Now, in that island depastured the sheep belonging to the wife of the chieftain of Decies and it is thence that it derives its Irish name Ard-na- Ccaorac, scil.: there was in it a high hill and it was a promontory beautiful to behold. One of the party, ascending the summit of the hill, said to Declan: "How can this little height support your people?"

The distance of Moneroo Plains, and of the Doomot and Morumbidgee Rivers from Sydney, alarms the settler, who knows not the value of those localities; but men whose experience has taught them to set this obstacle at nought, have long depastured their herds on the banks of the last two.

The distance of Moneroo Plains, and of the Doomot and Morumbidgee Rivers from Sydney, alarms the settler, who knows not the value of those localities; but men whose experience has taught them to set this obstacle at nought, have long depastured their herds on the banks of the last two.

It is farther said, that the number of sheep now depastured on the lands behind Port Lincoln, amounts to 70,000 a proof of the utility, if not the richness of the country as far, however, as I am aware, the soil must be considered of an inferior description in other respects, the Port has advantages that will always render it an agreeable, if not altogether a desirable residence.

Now, in that island depastured the sheep belonging to the wife of the chieftain of Decies and it is thence that it derives its Irish name Ard-na-Ccaorac, scil.: there was in it a high hill and it was a promontory beautiful to behold. One of the party, ascending the summit of the hill, said to Declan: "How can this little height support your people?"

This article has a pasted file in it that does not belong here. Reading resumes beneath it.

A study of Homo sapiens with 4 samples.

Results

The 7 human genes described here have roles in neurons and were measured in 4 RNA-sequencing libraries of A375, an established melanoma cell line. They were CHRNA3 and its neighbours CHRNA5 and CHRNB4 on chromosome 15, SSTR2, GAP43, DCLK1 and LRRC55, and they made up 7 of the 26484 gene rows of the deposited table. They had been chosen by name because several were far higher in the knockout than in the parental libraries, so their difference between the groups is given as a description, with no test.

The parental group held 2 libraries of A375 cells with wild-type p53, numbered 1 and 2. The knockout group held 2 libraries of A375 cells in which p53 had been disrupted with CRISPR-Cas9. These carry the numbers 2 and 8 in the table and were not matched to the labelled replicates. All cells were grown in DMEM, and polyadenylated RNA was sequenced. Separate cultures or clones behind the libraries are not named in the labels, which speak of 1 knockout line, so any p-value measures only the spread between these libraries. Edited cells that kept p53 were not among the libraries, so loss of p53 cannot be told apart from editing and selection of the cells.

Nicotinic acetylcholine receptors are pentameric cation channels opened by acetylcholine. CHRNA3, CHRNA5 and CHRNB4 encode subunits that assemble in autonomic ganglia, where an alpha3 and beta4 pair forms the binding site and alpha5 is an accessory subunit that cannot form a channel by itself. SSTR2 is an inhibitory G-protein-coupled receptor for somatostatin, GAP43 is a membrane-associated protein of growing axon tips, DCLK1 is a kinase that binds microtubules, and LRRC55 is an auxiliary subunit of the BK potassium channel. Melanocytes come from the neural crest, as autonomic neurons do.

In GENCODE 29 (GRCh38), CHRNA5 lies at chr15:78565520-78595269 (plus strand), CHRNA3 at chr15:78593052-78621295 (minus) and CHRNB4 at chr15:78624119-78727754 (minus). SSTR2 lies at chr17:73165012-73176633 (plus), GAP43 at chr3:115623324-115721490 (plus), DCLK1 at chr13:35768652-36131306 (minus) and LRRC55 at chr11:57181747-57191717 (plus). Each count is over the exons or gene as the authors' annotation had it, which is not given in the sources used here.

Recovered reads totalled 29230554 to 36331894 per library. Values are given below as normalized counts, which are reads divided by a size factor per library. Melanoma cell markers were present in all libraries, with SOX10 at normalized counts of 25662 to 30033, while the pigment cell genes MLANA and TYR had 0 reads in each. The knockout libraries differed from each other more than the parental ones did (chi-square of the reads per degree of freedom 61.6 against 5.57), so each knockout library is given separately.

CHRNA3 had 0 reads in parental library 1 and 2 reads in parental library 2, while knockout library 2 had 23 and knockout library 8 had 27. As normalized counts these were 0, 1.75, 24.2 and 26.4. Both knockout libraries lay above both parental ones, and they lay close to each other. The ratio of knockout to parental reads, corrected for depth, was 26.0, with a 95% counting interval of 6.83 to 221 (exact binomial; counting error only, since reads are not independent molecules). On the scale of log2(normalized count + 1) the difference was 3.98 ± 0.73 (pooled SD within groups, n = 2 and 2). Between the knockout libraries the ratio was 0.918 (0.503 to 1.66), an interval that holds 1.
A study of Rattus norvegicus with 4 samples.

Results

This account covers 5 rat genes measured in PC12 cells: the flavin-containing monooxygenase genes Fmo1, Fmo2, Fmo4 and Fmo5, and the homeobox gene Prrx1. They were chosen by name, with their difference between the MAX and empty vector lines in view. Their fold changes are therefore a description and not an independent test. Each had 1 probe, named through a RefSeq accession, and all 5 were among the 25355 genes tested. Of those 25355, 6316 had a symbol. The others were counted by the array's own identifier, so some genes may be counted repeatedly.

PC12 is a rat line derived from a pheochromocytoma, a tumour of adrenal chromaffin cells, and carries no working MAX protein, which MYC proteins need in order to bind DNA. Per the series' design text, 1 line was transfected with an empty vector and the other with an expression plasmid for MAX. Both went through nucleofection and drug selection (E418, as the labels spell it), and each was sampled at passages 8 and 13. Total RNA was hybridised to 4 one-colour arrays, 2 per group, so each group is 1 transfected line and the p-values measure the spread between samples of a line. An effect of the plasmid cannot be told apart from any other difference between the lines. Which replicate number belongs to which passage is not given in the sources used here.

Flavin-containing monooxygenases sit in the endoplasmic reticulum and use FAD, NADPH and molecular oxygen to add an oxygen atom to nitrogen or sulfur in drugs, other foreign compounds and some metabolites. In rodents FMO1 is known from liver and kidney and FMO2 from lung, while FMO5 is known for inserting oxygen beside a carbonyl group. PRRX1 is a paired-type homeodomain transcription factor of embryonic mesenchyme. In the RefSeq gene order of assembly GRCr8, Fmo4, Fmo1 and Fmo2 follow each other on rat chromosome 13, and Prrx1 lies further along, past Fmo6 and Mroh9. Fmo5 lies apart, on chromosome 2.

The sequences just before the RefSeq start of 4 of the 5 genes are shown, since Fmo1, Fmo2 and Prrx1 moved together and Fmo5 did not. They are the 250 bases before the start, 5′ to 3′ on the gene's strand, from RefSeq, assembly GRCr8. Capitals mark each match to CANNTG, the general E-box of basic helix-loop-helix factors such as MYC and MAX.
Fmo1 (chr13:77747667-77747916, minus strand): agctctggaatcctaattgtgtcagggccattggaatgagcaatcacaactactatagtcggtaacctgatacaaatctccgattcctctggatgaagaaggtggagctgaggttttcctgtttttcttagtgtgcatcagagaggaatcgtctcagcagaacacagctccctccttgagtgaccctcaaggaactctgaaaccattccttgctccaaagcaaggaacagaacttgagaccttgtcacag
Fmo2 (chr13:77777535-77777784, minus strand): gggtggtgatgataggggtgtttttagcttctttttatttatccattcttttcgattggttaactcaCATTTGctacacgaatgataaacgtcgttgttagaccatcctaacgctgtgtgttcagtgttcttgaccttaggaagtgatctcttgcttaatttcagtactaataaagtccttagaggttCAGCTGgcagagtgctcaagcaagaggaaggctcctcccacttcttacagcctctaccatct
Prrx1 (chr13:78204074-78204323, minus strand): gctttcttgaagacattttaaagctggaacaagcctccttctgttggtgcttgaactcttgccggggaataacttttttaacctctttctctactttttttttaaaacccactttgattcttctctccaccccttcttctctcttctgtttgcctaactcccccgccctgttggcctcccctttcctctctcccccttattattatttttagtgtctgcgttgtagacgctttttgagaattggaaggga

These plains, so famous for the richness of their pasture, and for the excellency of the sheep and cattle depastured upon them, have become equally remarkable as the depositaries of the remains of extinct species of animals, several of which must have been of a gigantic size, being the Marsupial representatives of the Pachydermal order of other continents. Mr.

Outside the walls of the city lie the estates of the Church, depastured at certain seasons by a few herds, tended by men clad in skins, and looking as savage as the animals they tend; while inside the walls are some hundred thousand Romans, enduring from one year's end to another all the miseries of a partial famine. Nor is there the least hope that matters will mend so long as the Papacy lasts.

As the generous bull who, having long depastured among a number of cows, and thence contracted an opinion that these cows are all his own property, if he beholds another bull bestride a cow within his walks, he roars aloud, and threatens instant vengeance with his horns, till the whole parish are alarmed with his bellowing; not with less noise nor less dreadful menaces did the fury of Wild burst forth and terrify the whole gate.